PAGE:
The medieval castle of Häme is located on the coast of lake Vanajavesi. It was originally located on an island.
The castle's age is disputed. Traditionally the construction of the castle has been connected to the legendary Second Swedish Crusade which would date the castle in the mid-13th century. However, there are no finds from the castle that can be firmly dated to a period earlier than 1320s. Also the contents of the crusade legend have been seriously contested. An earlier fortification from about 1300 only some 20 kilometres away in Hakoinen also makes a 14th century dating for Häme Castle more probable. Only one castle ("Tauestahus") is listed in Tavastia in a royal document from 1308. Also, the Russian Novgorod Chronicle only mentions one castle during their plundering of Tavastia in 1311, its description matching well with the castle in Hakoinen.
The construction of Häme castle probably started after the Novgorod invasion. The first castle was made of gray stone, and later bricks were used.
The castle lost military importance by the end of the 16th century. Its defensive systems were upgraded in the 18th century with bastions around the castle. The castle became a prison in the 19th century and served as such until 1953, when massive restoration work started. The castle has been a museum since 1988. Facilities can also be rented for private events.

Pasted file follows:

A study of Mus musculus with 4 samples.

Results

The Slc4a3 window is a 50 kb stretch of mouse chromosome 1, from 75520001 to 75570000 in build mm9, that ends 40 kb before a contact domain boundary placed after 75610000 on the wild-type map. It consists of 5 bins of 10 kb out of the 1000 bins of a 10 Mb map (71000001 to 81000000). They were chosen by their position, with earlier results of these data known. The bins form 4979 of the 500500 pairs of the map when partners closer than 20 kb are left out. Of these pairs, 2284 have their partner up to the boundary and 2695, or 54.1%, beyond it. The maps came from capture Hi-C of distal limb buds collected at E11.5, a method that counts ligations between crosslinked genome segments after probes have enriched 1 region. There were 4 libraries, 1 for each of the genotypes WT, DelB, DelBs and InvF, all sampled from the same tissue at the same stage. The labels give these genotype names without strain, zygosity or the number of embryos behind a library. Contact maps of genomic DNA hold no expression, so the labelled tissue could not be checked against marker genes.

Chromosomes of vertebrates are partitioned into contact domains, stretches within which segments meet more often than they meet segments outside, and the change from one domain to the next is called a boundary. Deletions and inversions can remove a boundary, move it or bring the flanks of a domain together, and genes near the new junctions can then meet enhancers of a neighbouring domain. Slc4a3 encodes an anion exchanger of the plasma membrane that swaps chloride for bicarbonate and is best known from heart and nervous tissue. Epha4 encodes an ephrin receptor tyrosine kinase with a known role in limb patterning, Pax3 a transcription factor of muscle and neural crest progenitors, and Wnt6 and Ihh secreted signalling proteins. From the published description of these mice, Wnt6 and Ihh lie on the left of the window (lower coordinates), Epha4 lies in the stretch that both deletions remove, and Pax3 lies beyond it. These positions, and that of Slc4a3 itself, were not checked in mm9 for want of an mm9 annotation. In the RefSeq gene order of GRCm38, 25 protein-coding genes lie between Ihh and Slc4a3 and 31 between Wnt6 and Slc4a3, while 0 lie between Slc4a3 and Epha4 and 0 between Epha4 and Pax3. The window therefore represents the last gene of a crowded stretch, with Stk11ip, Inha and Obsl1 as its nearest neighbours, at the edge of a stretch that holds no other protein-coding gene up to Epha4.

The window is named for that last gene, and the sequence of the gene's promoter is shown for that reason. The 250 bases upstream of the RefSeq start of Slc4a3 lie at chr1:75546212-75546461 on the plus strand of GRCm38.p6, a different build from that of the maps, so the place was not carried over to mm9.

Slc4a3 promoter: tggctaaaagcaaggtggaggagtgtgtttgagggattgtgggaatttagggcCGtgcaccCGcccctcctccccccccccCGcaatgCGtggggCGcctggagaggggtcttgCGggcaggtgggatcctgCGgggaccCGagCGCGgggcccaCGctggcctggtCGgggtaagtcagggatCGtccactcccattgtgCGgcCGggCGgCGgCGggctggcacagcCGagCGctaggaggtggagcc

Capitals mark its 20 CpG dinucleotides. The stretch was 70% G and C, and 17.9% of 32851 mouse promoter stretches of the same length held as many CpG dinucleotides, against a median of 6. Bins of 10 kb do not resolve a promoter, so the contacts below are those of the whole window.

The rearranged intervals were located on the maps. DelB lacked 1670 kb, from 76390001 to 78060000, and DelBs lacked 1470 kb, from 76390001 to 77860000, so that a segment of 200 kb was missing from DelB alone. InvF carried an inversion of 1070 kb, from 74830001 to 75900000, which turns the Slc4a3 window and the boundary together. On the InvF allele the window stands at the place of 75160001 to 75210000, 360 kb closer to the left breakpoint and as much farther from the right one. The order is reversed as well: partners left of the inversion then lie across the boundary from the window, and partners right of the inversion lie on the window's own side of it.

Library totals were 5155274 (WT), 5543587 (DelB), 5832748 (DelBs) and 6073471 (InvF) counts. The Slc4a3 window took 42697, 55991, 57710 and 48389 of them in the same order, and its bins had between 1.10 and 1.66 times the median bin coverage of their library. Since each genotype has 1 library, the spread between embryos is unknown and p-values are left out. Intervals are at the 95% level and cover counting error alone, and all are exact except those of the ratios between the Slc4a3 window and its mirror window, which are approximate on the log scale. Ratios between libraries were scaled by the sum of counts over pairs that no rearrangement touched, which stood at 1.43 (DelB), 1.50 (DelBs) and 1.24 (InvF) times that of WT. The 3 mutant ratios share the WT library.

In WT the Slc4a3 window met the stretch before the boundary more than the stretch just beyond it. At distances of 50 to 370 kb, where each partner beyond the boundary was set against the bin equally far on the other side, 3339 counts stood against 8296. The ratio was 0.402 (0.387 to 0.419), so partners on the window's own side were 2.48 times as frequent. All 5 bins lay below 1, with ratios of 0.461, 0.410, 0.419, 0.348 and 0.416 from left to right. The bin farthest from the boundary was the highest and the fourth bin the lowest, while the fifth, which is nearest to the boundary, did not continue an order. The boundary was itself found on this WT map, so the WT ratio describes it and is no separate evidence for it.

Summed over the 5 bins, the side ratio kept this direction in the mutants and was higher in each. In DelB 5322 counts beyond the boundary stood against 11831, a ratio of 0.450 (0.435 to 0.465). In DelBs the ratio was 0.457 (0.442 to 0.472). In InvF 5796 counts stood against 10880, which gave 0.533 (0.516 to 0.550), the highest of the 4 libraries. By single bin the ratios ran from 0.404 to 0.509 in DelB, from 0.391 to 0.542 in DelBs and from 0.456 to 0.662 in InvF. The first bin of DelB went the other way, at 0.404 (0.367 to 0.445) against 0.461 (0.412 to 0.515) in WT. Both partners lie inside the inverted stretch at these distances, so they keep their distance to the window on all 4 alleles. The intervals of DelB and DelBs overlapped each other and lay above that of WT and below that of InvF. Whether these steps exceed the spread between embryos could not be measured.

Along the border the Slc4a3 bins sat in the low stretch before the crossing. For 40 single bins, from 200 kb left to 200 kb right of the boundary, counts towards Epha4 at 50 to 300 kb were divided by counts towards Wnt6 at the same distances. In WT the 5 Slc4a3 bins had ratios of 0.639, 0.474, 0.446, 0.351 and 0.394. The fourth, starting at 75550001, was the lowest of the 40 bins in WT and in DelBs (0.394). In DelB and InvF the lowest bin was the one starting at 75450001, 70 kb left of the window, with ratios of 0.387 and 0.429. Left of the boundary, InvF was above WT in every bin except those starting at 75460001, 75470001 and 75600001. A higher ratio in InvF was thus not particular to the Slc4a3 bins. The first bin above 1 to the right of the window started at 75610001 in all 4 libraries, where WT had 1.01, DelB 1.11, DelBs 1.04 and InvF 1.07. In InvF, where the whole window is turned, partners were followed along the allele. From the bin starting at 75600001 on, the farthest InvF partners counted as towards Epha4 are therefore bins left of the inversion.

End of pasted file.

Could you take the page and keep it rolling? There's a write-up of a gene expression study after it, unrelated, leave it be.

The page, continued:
Augustusburg Palace represents one of the first examples of Rococo creations in Germany. For the Cologne elector and archbishop Clemens August of the House of Wittelsbach it was the favourite residence. In 1725 the Westphalian architect Johann Conrad Schlaun was commissioned by Clemens August to begin the construction of the palace on the ruins of a medieval moated castle.
In 1728, the Bavarian court architect François de Cuvilliés took over and made the palace into one of the most glorious residences of its time. Until its completion in 1768, numerous outstanding artists of European renown contributed to its beauty. A prime example of the calibre of artists employed here is Balthasar Neumann, who created the design for the magnificent staircase, an enchanting creation full of dynamism and elegance. The magical interplay of architecture, sculpture, painting and garden design made the Brühl Palaces a masterpiece of German Rococo.
UNESCO honoured history and present of the Rococo Palaces by inscribing Augustusburg Palace – together with Falkenlust Palace and their extensive gardens – on the World Heritage List in 1984. From 1949 onwards, Augustusburg Palace was used for representative purposes by the German Federal President and the Federal Government for many decades.
In 1728, Dominique Girard designed the palace gardens according to French models. Owing to constant renovation and care, it is today one of the most authentic examples of 18th century garden design in Europe. Next to the Baroque gardens, Peter Joseph Lenné redesigned the forested areas based on English landscaping models. Today it is a wonderful place to have a walk.